Monopoly SNES Review

Monopoly has always been one of the most beloved board games. It involves money, strategy, chance and a lucky roll, but how will the version for the Super Nintendo fare? It starts out as an enjoyable and relaxing game, but if you’re on the end of a losing side, it turns intimidating and brutal.

To kick off each game, you select between two and eight players. Each player is assigned to a human or the computer and then chooses their piece from the iron, dog, wheel barrel, top hat, car, shoe, horse and thimble. Human players get to enter their name. I’m surprised that there’s no golden Mario or golden SNES controller for this version of the game.

I’d rather play against the computer and there are eight different characters to chose from. Jeeves seems to be unlucky. Amanda is brutal with her rolling doubles and managing to get to safety between hotels. Other than that you can face Gary Cant, Betty Sue the plain jane of the group, Paulie the mobster, Billy Bob who looks like a janitor, Mary Anne and the professor too. No scratch that last one, its Elizabeth.


After that you can set the cash, assign property, place tokens, place buildings, toggle between short and log games or even load a preset scenario. I’m unaware of what the scenarios do, but they sound cool. perhaps its just a level of difficulty. Short games start players off with property to help speed things up.

Like all games of Monopoly the game gets tougher the longer you survive and the average game for me lasted about an hour. Its a game of endurance and strategy. You roll two dice, land on properties and buy them or they get auctioned off. From there if you have all the properties of a single color you can buy houses and then hotels. After that, the challenge becomes survival as you need to dodge other player properties that will cost rent. The more money the player put into the property with its value, houses and hotels, the more the rent is. It gets quite intimidating and the game slows down toward the end as even computer players need to go through the menu to mortgage properties and sell buildings.

Auctions are always interesting with some tense music and you can pick up properties cheap. On a player’s turn they can chose to mortgage properties for money, unmortgage them, put up buildings or make a trade to a different player. Trades take time, but they’re always interesting to see. The player will offer up property and or cash, then wait as the other player bargains.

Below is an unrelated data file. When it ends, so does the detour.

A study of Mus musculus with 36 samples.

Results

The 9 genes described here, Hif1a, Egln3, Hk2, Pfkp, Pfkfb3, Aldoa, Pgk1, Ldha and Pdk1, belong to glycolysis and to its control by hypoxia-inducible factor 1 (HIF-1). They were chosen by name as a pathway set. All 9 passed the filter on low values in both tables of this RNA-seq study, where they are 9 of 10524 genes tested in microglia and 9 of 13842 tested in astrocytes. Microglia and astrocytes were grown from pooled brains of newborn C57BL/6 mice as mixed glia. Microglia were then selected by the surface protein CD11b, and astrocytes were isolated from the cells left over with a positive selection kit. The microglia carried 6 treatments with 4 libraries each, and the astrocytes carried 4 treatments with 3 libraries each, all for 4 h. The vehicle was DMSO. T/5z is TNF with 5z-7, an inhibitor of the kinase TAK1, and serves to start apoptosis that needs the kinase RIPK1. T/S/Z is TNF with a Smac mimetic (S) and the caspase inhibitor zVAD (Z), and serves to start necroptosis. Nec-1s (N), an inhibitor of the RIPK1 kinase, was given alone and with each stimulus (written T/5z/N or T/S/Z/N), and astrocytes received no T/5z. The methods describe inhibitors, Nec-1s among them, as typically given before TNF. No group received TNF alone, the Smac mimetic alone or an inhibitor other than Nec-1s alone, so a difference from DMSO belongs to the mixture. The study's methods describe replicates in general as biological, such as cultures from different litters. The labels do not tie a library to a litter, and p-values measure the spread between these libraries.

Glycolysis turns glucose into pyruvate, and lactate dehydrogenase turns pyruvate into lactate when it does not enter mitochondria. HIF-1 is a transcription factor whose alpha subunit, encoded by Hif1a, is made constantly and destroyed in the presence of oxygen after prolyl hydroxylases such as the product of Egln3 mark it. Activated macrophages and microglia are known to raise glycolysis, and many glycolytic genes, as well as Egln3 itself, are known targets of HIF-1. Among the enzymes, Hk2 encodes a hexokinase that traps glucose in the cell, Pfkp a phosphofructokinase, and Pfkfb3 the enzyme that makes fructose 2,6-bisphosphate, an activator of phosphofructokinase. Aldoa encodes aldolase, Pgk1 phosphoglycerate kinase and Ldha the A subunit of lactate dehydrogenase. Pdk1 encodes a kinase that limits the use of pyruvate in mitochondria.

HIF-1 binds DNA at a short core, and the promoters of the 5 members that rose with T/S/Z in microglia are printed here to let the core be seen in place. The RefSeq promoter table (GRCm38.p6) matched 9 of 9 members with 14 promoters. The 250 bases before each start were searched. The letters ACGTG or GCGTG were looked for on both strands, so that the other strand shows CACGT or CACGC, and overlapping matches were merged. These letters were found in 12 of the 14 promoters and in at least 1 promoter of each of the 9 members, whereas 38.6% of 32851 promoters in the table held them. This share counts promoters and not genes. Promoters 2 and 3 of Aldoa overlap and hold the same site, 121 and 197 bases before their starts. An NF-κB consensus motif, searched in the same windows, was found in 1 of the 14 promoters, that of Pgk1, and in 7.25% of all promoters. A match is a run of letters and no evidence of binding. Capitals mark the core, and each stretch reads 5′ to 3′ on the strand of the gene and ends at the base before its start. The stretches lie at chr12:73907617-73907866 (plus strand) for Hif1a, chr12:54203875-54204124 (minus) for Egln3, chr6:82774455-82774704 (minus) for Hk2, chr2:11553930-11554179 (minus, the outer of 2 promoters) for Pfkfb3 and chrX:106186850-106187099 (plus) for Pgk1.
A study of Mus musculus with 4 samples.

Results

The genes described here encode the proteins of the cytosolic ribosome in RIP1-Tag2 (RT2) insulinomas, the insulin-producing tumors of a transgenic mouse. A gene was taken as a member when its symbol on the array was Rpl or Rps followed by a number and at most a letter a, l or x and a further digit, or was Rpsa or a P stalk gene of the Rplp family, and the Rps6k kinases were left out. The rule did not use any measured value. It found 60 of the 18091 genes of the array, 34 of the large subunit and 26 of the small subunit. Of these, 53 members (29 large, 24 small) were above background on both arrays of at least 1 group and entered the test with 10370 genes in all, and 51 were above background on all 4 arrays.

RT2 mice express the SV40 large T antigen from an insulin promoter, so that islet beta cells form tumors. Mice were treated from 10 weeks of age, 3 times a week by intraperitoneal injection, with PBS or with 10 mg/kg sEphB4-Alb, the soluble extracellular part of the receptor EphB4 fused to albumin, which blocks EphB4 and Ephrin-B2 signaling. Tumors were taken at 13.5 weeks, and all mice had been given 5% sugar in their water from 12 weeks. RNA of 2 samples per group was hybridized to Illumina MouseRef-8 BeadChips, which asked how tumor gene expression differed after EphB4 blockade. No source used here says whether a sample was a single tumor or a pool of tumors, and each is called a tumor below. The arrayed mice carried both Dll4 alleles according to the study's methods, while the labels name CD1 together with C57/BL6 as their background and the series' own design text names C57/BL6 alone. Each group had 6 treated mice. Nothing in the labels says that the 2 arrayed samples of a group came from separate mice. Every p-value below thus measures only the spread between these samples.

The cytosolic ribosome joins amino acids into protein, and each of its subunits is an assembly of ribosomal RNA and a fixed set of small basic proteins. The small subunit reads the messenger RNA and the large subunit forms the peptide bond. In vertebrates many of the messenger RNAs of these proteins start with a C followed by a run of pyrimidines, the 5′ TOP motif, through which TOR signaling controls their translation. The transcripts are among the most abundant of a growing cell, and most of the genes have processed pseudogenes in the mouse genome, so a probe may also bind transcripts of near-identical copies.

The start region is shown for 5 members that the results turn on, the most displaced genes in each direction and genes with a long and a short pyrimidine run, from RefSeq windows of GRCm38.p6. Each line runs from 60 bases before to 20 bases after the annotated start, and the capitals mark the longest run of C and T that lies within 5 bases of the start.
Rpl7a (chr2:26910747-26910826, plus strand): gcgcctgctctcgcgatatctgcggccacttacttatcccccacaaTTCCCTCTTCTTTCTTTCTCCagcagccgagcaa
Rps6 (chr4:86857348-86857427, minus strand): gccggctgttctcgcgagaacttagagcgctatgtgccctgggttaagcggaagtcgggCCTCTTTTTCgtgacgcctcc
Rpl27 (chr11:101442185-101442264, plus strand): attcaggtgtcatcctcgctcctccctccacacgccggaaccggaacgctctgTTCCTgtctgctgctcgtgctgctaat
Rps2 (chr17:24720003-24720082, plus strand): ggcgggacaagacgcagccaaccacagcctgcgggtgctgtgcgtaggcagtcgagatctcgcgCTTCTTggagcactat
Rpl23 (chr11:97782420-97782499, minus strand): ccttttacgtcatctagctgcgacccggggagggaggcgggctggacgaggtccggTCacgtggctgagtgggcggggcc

When playing the game, you roll with the most realistic arm that there has ever been in video games. It was amazing to see when the game first came out. The arm was real, the dice were real and it just added to the fun and awe of Monopoly.

For a Super Nintendo game, the game plays smoother. You see a full screen of the board and in the center after each roll you see your game piece move along an animated neighborhood as it walks, hops or drives along the board. There are a few full screen animations here and there; Uncle Pennybags in jail, a giant hammer building small houses or hotels, an auction house,  and there are small animations for the cards.

When a player loses it has a full screen animation of Uncle Pennybags looking through the trash for fish bones while the death march plays. The player that made someone lose then scores all of that person’s cash and properties. It can turn any game dangerous as players wise enough to prevent another from getting a monopoly may still lose their land and make that monopoly happen.

Later in the game, going to jail becomes a safe haven. Its a strategy to stay in as long as you can, which is why Monopoly has always had a maximum of three attempts to roll doubles to get out of jail. Otherwise you’re just kicked out of the pokey. Your only other safe spots become your own property, free parking, go where you get $200, just visiting, orange chance and yellow community chest tiles. Free parking does nothing in this game when so many of us had a house rule to win money upon landing on it.

As for Community Chests and Chance cards, its a toss up whether its good or bad. Community cards can give you money from the bank or each player, but it can always require you to pay each player. There are cards to get out of jail free, go to jail, hop on the nearest railroad and even land on boardwalk.

Other than an introduction song and a few others the game is devoid of music. You would think that’s a bad thing, but I think it adds to the relaxation of the game.

The Super Nintendo offers a strict and easy to follow game for people by themselves or who just want to play a game without setting up a board and divvying out cash. All the characters make the game worth playing or even watching if you’re that bored to watch a board game. Monopoly will always be a classic on or off your Super Nintendo.